The liver is responsible for synthesis of clotting factors and other important proteins involved with regulating the coagulation cascade. Therefore, even in patients with a normal preoperative coagulation profile, alterations in bleeding and thrombosis have been observed following donor hepatectomy. This becomes important when considering perioperative pain management in these patients in regards to epidural analgesia.
Siniscalchi et al. studied 30 patients (all ASA 1 with normal pre-op coagulation profile) underwent pre-op epidural placement for post-op pain management. The epidural catheter was removed when PT was greater than 60%, aPTT was less than 1.24, and platelets were greater than 100000/mm3. Estimated blood loss, amount of IV fluids administered, duration of surgery, and weight of resected portion of liver were all studied. Each patient’s PT, aPTT, platelet count and fibrinogen were measured pre-op, on admission to recovery room and daily until the values returned to normal range.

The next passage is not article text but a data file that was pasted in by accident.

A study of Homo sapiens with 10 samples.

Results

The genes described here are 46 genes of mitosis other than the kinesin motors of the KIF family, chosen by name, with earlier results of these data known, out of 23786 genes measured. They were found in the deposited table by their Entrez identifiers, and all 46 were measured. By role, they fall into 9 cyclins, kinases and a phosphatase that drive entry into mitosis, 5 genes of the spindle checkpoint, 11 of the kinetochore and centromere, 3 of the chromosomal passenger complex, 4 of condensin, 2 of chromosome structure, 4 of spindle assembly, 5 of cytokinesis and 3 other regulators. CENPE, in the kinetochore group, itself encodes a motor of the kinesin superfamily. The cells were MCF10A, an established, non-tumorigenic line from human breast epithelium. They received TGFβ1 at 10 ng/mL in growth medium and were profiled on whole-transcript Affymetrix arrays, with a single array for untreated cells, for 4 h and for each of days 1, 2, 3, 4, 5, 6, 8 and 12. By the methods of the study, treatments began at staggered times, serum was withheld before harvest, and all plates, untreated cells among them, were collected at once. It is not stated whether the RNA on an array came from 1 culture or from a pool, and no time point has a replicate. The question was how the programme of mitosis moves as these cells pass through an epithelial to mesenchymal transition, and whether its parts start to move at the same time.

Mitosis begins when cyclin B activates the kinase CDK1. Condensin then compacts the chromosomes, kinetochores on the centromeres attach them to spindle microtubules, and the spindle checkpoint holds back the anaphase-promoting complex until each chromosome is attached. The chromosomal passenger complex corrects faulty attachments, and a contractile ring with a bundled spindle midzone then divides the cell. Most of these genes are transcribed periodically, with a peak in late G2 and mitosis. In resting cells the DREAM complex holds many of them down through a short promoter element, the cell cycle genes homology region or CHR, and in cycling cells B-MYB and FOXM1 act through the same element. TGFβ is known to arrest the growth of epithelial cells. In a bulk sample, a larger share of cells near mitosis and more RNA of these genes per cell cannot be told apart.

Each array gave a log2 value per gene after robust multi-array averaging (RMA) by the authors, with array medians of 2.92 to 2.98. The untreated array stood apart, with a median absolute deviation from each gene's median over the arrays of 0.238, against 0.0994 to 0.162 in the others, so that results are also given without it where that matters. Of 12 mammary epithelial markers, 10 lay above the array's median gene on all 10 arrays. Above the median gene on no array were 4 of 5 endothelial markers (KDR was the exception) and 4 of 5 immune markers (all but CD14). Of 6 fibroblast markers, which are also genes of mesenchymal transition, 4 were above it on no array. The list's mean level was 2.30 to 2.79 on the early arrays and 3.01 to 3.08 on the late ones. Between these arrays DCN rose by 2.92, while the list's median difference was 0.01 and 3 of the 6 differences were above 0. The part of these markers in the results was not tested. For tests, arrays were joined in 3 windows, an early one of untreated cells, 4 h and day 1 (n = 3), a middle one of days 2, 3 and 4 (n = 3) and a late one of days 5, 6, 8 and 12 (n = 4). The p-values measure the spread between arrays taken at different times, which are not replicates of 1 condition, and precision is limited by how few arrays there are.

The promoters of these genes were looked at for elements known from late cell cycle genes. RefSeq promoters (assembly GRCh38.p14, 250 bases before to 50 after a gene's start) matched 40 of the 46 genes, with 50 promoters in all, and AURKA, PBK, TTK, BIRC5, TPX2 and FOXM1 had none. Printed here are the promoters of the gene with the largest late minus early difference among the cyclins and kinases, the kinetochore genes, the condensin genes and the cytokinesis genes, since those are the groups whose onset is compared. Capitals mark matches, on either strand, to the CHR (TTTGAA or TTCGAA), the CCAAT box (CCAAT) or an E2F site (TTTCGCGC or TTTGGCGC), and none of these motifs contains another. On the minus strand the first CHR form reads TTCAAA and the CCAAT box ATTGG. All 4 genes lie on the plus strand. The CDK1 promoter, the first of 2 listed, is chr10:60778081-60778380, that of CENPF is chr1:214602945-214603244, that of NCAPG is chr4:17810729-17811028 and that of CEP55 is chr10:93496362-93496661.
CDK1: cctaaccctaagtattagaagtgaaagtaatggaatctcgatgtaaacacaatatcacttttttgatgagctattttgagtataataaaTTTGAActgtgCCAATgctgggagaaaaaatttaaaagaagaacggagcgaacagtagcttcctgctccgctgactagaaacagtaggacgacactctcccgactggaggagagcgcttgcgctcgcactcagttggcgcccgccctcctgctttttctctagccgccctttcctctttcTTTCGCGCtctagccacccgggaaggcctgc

The changes in PT remained significant in relation to pre-operative values until POD#5 (as demonstrated in the figure below) and peaked on POD#1. Immediately following surgery, estimated blood loss and amount of fluids administered seemed to be related to greatest changes in PT, suggesting dilution and consumption of factors plays a role in the initial postoperative coagulation dysfunction. However, by POD#1 the weight of the resected portion of liver had the strongest correlation with change in post-op PT values, suggesting the imbalance in synthetic function due to a greater amount of liver being resected plays an important role post-operatively. None of the patients in this study developed complications related to the epidural catheter, and all met criteria for epidural catheter removal by POD#4.
Choi et al. evaluated coagulation profiles and epidural catheter use in 360 patients undergoing donor hepatectomy. 242 of the patients underwent epidural analgesia. Platelet count, PT, and aPTT were all shown to be altered by POD#1 but resolved by POD#7. Nine donors (2.5%) had an INR > 2.0 post-operatively. No epidural hematoma was observed.
In summary, all patients will have an increase in the INR after donor hepatectomy in the postoperative period. The INR in the majority of patients will not return to normal for at least seven days. The effects of hepatectomy on post-op coagulation should be considered prior to administration of epidural analgesia.